Flame-lighting events for the Tokyo Paralympic torch relay began across Japan on Thursday in the lead up to the world's biggest sporting event for athletes with disabilities, despite the relay being scaled down due to the coronavirus pandemic.
A series of events related to the torch relay were held in an effort to boost momentum toward the Paralympics, which will take place between Aug. 24 and Sept. 5, and mark the transition from the just-concluded Olympics.
Flames for the Paralympics are set to be collected in over 800 municipalities across Japan and be united with the flame lit in Stoke Mandeville, England -- the spiritual birthplace of the Paralympic movement.
Lighting events for the Paralympics will take place over the next five days in 43 of Japan's 47 prefectures that will not stage Paralympic competitions.
Unlike the Olympic flame, which was ignited in Greece, locations and lighting methods for the Paralympics have been left up to each municipality. Some lighting events will be held in facilities for people with disabilities and schools for students with special needs, as well as areas that were devastated by natural disasters.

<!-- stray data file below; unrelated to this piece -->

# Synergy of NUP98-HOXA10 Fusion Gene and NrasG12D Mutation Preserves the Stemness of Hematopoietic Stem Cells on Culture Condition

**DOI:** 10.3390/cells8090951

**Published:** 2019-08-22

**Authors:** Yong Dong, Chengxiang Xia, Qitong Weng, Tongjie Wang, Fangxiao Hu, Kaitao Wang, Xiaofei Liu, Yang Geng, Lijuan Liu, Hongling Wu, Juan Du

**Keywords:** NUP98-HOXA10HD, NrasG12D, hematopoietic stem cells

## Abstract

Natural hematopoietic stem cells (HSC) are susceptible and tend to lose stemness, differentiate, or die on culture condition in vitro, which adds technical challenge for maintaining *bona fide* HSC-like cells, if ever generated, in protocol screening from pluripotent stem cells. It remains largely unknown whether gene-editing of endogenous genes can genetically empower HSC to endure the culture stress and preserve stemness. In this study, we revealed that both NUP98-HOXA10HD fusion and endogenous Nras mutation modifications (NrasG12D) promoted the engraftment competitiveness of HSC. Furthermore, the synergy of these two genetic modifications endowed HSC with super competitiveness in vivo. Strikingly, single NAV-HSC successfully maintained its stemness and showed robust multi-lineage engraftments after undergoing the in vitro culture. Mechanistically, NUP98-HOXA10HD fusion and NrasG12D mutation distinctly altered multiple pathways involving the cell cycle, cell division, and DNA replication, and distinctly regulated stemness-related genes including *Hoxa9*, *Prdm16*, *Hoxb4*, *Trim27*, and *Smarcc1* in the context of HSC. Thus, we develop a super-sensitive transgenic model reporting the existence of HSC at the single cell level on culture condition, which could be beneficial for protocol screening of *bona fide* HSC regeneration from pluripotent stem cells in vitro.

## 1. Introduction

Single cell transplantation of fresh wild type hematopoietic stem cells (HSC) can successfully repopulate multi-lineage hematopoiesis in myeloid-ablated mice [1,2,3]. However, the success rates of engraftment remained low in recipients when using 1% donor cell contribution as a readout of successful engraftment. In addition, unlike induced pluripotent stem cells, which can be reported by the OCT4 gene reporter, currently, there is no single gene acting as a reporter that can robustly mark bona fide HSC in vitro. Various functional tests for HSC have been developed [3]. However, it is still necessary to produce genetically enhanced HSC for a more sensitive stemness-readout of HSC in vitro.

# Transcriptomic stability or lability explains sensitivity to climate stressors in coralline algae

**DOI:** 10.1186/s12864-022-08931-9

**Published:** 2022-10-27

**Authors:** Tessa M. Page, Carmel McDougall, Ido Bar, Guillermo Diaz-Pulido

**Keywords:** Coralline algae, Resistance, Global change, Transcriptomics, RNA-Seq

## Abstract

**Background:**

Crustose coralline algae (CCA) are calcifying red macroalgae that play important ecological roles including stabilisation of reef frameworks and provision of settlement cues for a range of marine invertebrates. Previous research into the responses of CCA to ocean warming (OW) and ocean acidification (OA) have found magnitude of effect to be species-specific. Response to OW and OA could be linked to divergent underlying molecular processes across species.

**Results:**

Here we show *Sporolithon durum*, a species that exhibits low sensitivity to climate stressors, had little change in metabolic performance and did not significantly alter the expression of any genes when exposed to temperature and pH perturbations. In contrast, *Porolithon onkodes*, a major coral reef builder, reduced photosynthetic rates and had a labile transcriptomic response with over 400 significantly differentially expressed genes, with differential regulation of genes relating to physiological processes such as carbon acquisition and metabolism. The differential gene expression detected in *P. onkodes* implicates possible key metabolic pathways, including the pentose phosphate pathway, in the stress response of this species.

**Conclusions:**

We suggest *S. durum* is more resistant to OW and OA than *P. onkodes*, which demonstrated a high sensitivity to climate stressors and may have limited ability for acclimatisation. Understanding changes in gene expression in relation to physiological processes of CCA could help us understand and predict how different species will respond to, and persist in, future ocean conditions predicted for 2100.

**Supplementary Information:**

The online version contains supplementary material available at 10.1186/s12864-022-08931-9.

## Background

In Rikuzentakata, northeastern Japan, a flame was lit by Miu Takahashi, a 21-year-old nursing home worker born with brain paralysis, from a fire burning in a gas lamp symbolizing hope in the aftermath of the March 2011 earthquake and tsunami disaster.
She lit a lantern using the fire, which was transferred from a fire burning in Kobe as a monument of hope after the western city suffered the 1995 Great Hanshin Earthquake.
"It was an honor to be given the role to pass the fire, which has a long history since the Great Hanshin Earthquake, as the Paralympic flame," Takahashi said.
Between Tuesday and Aug. 20, the four prefectures that will host Paralympic events will hold flame-lighting events.
The flames lit in the host country and in Britain will be united at a ceremony in Tokyo on Aug. 20, before the torch relay in the capital is slated to begin ahead of the opening ceremony at the National Stadium.
The relay in Tokyo, originally set to feature some 700 torchbearers passing the flame over a course of around 35 kilometers, was taken off public roads due to the pandemic. Instead, runners will gather for a so-called torch kiss ceremony.
The torch relay for the Olympics was also taken off public roads during most of its 15-day leg in Tokyo last month.
The Olympics opened on July 23 and closed on Sunday.